Why Millennials Have Their Priorities Screwed Up
Grow Your Business, Not Your Inbox
If you did any shopping over the long Black Friday weekend, you may have noticed a change in the way retailers are marketing: They’re selling the shopping experience as much as they’re selling products. Experiential marketing is all the rage.
According to research, millennials value experiences over owning things. So brand marketers are focusing more and more on the customer experience to attract that coveted demographic. Apparently, it’s working. And therein lies the rub.
What’s great for companies trying to sell you stuff -- experiences, products, services, whatever -- is not necessarily great for you, or your career, for that matter.
While I’m not a big fan of generational stereotypes, the data doesn’t lie. All the reports I’ve seen tell the same somber story: the nation’s largest demographic is overeducated, under-employed, and heavily in debt. And millennials have not benefitted from the post-recession job recovery as other generations have.
Entering the workforce during the Great Recession and being saddled with $1 trillion in student loans certainly hasn’t made things easy, but I don’t think it makes sense to simply blame it all on the economy and call it a day. At least part of the problem is that millennials are not as well-suited to thrive in a competitive job market as some believe.
From my perspective, this generation appears to be overly idealistic. Millennials want what they want and they’re not particularly interested in settling. That’s not a great combination, especially early in your career.
As a baby boomer who spent years after college working jobs I wasn’t always excited about, I can tell you from personal experience, if that’s what it takes, that’s what you do. You have to be willing to sacrifice and pay your dues if you want to live the life down the road. That’s not just the way it is; that’s the way it’s always been.
Look, I get the whole flexible work schedule, collaborative workplace thing. That’s not nearly as new as everyone makes it out to be. I felt the same way when I was a young up-and-comer. And it’s certainly laudable to want to love what you do and make a real difference in the world.
We all want our work to mean something more than just a 9-to-5 job for an hourly wage. But as the Rolling Stones so aptly put it, “You can’t always get what you want.” And the second part of that refrain, “But if you try sometimes, well you just might find, you get what you need,” is really the key.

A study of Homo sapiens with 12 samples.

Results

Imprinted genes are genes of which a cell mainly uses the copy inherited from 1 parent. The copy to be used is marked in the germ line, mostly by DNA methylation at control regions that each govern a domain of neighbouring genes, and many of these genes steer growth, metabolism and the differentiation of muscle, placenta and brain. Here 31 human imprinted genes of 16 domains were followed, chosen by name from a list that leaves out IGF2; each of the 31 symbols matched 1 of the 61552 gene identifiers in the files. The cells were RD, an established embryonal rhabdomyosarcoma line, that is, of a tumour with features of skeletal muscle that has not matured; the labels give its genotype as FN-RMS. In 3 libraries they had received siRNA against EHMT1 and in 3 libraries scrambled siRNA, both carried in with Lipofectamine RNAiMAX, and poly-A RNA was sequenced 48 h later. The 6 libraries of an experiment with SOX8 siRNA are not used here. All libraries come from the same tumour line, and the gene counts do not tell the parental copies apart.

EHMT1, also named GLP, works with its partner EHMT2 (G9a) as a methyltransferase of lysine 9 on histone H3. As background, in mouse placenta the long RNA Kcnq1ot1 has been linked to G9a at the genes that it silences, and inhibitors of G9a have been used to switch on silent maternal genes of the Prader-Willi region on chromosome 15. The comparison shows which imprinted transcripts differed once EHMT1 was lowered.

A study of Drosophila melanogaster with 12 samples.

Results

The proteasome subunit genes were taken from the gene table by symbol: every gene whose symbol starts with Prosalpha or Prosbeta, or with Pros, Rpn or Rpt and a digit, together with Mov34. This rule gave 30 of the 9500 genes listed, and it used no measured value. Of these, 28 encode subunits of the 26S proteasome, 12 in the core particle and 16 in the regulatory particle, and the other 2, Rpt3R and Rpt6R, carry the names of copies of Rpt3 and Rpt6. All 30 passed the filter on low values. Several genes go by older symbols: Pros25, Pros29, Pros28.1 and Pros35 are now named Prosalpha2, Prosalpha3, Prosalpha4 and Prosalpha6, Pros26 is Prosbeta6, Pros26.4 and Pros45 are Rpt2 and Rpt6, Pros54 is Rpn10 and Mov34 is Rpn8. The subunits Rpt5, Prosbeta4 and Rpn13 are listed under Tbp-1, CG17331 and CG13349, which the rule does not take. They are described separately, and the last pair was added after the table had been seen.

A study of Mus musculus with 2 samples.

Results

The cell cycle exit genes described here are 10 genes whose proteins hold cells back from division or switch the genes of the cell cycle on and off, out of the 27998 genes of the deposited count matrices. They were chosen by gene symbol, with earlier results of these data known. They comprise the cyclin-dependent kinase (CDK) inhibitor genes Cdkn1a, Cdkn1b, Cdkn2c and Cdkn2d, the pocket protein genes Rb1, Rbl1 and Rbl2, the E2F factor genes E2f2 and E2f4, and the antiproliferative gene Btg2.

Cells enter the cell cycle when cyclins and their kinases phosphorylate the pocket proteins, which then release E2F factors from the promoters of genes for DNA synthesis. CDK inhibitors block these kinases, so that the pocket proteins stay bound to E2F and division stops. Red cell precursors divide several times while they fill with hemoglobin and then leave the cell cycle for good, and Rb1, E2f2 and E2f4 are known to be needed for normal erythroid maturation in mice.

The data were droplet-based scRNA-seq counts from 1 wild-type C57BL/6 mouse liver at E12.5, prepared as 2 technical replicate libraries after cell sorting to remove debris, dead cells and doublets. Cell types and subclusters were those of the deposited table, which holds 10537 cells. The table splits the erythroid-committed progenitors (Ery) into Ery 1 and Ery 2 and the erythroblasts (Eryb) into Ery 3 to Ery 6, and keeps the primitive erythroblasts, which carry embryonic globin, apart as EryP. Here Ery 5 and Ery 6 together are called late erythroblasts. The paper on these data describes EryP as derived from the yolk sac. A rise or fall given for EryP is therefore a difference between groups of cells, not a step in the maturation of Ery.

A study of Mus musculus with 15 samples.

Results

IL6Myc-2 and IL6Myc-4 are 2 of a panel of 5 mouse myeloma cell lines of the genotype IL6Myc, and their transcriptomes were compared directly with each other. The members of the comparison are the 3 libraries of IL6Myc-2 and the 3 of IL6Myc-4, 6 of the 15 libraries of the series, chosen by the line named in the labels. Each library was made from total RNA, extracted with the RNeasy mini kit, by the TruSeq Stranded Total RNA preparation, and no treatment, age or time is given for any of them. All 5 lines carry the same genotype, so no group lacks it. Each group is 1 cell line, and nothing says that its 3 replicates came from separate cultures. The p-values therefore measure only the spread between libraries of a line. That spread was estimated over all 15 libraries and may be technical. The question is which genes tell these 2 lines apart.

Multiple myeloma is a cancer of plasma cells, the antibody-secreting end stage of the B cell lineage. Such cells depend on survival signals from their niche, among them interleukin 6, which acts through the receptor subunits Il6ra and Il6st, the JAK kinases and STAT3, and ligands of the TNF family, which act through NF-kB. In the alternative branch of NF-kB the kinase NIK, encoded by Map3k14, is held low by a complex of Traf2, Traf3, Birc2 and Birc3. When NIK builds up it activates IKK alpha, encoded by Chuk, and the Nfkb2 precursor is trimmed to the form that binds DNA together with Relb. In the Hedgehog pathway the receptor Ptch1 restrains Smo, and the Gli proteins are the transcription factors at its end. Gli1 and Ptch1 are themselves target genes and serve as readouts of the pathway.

If you’re sitting on a mountain of debt and don’t have a pot to piss in, it might not kill you to say "yes" to a good opportunity that isn’t exactly what you’re looking for, in the hope that it will lead to something better down the road. Maybe it’s a structured work environment with a big company that isn’t big on social media. Maybe you won’t have a say on every little thing. But it’s not as if it’s permanent.
If you want big things out of life, you have to be willing to make a few tradeoffs that will pay off in the end. It can’t all be one fantabulous experience after another.
Whoever told millennials that they can have it all really sold them a bill of goods. I believe their coddling boomer parents did this to them, but that’s neither here nor there. At some point, you have to play the cards you’ve been dealt. You only get one life to live; the sooner you own it, the better.
Look, I’ve known countless successful executives and business leaders. Not one of them got to where they are without making lots of sacrifices. Nobody just drops out of the sky into their dream career. We’ve all done our fair share of flipping burgers, serving drinks and making cold calls to make it big. The one thing we all agree on is that it was totally worth it.
No matter when you were born, my advice is the same: Life is longer than you think. It’s great to live in the moment -- to experience life fully -- but if you want to make it over the long-haul, you have to keep one eye on the horizon and a priority on long-term goals.